Today is the birthday of the one and only Duke Mitchell (Dominic Micelli, 1926-1981). Like most classic comedy and B movie horror fans, I’d long known Mitchell solely as the co-star, with his partner Sammy Petrillo, of the schlock film Bela Lugosi Meets a Brooklyn Gorilla (read more about Petrillo, the team, and that movie here).
You could have knocked me over with a feather when I learned that a little over 20 years later, Mitchell wrote, directed, produced and starred in two films of his own. And yet, when one looks at the films, it all makes sense. Mitchell is often thought of as a lesser Dean Martin (although I tend to think of him as a lesser Steve Rossi). An Italian American crooner, he made his living in big city night clubs and in the resort communities of Las Vegas and Palm Springs. There was more than a little “bada bing” in his act.
In 1974, inspired by films like The Godfather and Mean Streets, Mitchell decided to make his own statement, which he felt would enhance the genre by virtue of his intimate knowledge of gangster types (their experiences and their language), and authentic locations (much of his films were shot at the venues where he performed).
The resulting sui generis genre he invented might be called “goombasploitation”: low-budget, gritty, semi-documentary, completely amoral, and containing enough violence and blood splatter for a horror film. There is something trailblazing about the degree to which Mitchell pushes the profanity and violence. I’d be very shocked if I didn’t learn if Mitchell’s films didn’t turn around and influence Scorsese right back. At the same time, great pains are taken to explain Italian and Italian-American culture to us: monologues about duty and tradition, scenes at Catholic churches and weddings.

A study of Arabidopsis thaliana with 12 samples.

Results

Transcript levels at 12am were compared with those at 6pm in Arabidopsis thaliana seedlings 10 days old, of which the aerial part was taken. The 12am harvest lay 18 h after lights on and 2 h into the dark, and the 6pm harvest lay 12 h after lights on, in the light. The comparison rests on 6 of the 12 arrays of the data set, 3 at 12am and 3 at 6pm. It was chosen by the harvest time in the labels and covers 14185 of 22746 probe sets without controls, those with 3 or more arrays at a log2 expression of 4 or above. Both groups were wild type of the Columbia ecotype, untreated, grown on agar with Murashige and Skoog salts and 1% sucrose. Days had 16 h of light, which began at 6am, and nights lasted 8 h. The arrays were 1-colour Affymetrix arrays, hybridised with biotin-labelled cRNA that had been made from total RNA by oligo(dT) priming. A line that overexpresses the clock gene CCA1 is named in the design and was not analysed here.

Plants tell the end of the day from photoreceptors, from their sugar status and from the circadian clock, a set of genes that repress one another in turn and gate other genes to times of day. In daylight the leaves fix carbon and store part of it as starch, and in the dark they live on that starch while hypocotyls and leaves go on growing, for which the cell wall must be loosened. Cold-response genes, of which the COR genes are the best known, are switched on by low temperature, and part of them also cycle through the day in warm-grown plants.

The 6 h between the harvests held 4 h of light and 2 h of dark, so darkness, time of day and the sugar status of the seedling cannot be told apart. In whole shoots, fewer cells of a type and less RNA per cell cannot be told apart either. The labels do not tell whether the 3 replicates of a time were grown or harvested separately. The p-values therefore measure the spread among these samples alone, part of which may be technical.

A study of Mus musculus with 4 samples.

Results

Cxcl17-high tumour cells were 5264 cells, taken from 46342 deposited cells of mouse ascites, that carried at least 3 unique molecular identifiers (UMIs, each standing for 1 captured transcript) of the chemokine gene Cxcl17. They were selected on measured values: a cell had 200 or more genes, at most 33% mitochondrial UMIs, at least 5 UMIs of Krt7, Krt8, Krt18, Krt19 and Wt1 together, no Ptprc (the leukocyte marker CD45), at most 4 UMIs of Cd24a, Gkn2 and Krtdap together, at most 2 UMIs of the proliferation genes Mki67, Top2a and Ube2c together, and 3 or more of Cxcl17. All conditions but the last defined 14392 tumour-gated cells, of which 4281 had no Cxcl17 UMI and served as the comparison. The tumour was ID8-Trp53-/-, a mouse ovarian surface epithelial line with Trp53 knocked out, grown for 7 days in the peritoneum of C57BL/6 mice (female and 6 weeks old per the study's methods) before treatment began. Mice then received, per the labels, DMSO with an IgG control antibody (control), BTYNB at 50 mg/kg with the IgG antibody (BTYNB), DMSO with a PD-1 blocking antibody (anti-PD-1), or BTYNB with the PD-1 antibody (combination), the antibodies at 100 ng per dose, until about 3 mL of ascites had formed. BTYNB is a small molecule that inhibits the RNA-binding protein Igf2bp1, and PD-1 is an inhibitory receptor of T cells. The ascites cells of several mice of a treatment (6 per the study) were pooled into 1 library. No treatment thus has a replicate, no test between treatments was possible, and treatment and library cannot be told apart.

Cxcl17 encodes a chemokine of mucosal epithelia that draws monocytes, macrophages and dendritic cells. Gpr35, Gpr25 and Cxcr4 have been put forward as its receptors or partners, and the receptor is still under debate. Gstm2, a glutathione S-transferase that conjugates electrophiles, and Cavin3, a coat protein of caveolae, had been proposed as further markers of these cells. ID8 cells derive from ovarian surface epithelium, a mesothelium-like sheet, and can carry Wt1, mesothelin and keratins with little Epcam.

His first film Massacre Mafia Style a.k.a Like Father, Like Son (1974) opens in medias res with a pair of hoodlums randomly murdering every single person in an office building. The rest of the film is ostensibly the set-up, justifying the event, but it’s really no justification. The guy just wants to do some crimes. And come to think of it, isn’t that the plot of every goddamn irredeemable Ocean’s 11 movie?
The following year, Mitchell made Gone With the Pope, which went unreleased until 2011. Though finished in 1975, it lay on a shelf for years. Mitchell died of lung cancer in 1981 and it was decades before the virginal work print was discovered.
Like any good follow up picture, this one ups the ante substantially. Whereas the hero (antihero) of Massacre Mafia Style merely wanted to conquer Hollywood, Mitchell’s character in Gone with the Pope schemes to “snatch” His Holiness….and then charge every Catholic in the world one dollar for his release. Any moral intent the film may possess may be undercut by the scenes of gangsters roughing up a 350 lb naked hooker:
I think it’s fair to say that Duke Mitchell remained ahead of his time for the entirety of his career.